For pretty much every three goldfish we here at WMPDT.com buy from the pet store, one lives a long life and the other die of unknown causes fairly early on no matter how careful we are with water quality, food, etc. So we always thought of them as fairly fragile and were surprised to learn that dumped goldfish reproducing in the wild is a problem.
But, apparently it is. A big one!
According to an article published in the Business Insider in April, thousands of goldfish “invaded” West Medical Lake in Washington, leaving the Department of Fish and Wildlife to suspect a few irresponsible pet owners.
When most people think of animals released into the wild, snakes and iguanas in Florida come to mind, but there are other animals that are commonly ditched as well and it wreaks havoc on the animals and the environment.
But, although they make low-key and picturesque pets, goldfish can wreak havoc with the best of them, bring “wow, my pet did THAT!?” to a whole new level.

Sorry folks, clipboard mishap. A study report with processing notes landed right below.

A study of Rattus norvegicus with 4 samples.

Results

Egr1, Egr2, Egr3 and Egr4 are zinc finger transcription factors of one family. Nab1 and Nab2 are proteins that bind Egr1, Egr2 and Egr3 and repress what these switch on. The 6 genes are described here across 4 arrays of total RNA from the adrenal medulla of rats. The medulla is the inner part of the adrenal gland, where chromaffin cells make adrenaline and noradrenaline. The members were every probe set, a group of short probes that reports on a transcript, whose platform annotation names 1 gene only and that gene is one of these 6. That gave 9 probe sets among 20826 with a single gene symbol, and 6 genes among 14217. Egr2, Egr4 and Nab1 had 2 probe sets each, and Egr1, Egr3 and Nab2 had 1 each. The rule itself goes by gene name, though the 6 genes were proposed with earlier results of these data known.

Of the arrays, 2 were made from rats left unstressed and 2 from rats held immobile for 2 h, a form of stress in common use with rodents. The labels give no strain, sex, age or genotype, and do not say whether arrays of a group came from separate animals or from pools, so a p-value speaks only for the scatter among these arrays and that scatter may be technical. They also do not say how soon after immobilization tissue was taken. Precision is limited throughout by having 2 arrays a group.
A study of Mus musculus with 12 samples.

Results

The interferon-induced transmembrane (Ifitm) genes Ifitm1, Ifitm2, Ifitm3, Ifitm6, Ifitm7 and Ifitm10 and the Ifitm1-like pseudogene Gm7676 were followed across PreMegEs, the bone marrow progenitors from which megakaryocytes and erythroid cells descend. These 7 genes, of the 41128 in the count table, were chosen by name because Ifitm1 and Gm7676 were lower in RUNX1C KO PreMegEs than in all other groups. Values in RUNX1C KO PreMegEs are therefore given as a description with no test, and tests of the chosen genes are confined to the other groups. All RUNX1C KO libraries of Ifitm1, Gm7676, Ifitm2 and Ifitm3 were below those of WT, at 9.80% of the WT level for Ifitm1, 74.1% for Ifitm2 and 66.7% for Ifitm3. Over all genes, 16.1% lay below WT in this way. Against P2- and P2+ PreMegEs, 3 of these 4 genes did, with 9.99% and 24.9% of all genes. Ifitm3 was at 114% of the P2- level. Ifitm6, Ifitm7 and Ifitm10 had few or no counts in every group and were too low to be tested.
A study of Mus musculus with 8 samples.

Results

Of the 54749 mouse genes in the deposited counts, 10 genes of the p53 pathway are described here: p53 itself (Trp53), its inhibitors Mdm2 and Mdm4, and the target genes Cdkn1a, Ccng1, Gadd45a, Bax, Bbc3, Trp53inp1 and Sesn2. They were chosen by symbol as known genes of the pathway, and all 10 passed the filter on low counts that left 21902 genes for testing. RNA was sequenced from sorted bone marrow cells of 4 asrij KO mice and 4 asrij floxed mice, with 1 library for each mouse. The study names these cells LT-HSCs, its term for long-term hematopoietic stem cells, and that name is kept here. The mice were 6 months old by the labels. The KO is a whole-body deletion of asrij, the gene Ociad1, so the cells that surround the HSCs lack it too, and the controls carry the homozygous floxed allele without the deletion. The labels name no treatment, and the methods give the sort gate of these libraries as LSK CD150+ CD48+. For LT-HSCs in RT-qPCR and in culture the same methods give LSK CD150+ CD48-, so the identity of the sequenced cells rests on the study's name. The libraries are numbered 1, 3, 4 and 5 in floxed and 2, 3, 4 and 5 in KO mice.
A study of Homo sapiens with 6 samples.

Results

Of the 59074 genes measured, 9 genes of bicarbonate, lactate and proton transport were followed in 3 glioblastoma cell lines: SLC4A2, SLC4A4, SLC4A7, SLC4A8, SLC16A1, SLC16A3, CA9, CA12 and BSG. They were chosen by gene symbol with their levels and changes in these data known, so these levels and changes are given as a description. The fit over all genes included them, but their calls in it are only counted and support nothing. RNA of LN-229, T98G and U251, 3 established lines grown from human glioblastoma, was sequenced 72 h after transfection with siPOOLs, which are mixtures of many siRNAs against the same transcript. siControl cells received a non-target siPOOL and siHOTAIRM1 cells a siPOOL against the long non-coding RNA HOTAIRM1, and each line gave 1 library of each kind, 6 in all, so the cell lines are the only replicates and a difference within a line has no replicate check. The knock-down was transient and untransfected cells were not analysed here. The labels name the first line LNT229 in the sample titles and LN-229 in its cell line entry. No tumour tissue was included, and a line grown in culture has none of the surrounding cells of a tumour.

According to an article from The New York Times, someone dropped some goldfish in a creek in Australia 20 years ago. They traveled, spawned and took over a whole river. And, in Australia’s Vasse River, some goldfish, probably similarly ancestors of other discarded pets, grow up to 16 inches in length.
According to wikipedia.com, goldfish eat crustaceans, insects, and plant matter. They are “opportunistic feeders,” meaning they don’t stop eating while there is food around. The ability to gobble up the food supply that other fish depend on and also the fact that they produce more waste when they overeat, thus polluting the water, is a large part of why they become problematic.
An article in the Washington Post also sites the introduction of diseases by goldfish as another negative effect.
Nevada, Colorado are some other states that have had issues with goldfish in the wild and Canada and the United Kingdom are among other affected countries.
The takeaway is, for those who can’t keep their fish anymore, it’s best to find a friend or another person who will give it a home. Unlike some types of pets, fish are typically easy to re-home. Posting on Facebook, Twitter and through social media can be effective. As can offering to donate your tank and fish to a classroom at a local school, daycare center, waiting room at a doctor’s office or a church daycare center. Or try a pet adoption website. Petfinder.com has a fish section for those looking to adopt or give up a goldfish, among other types of pets.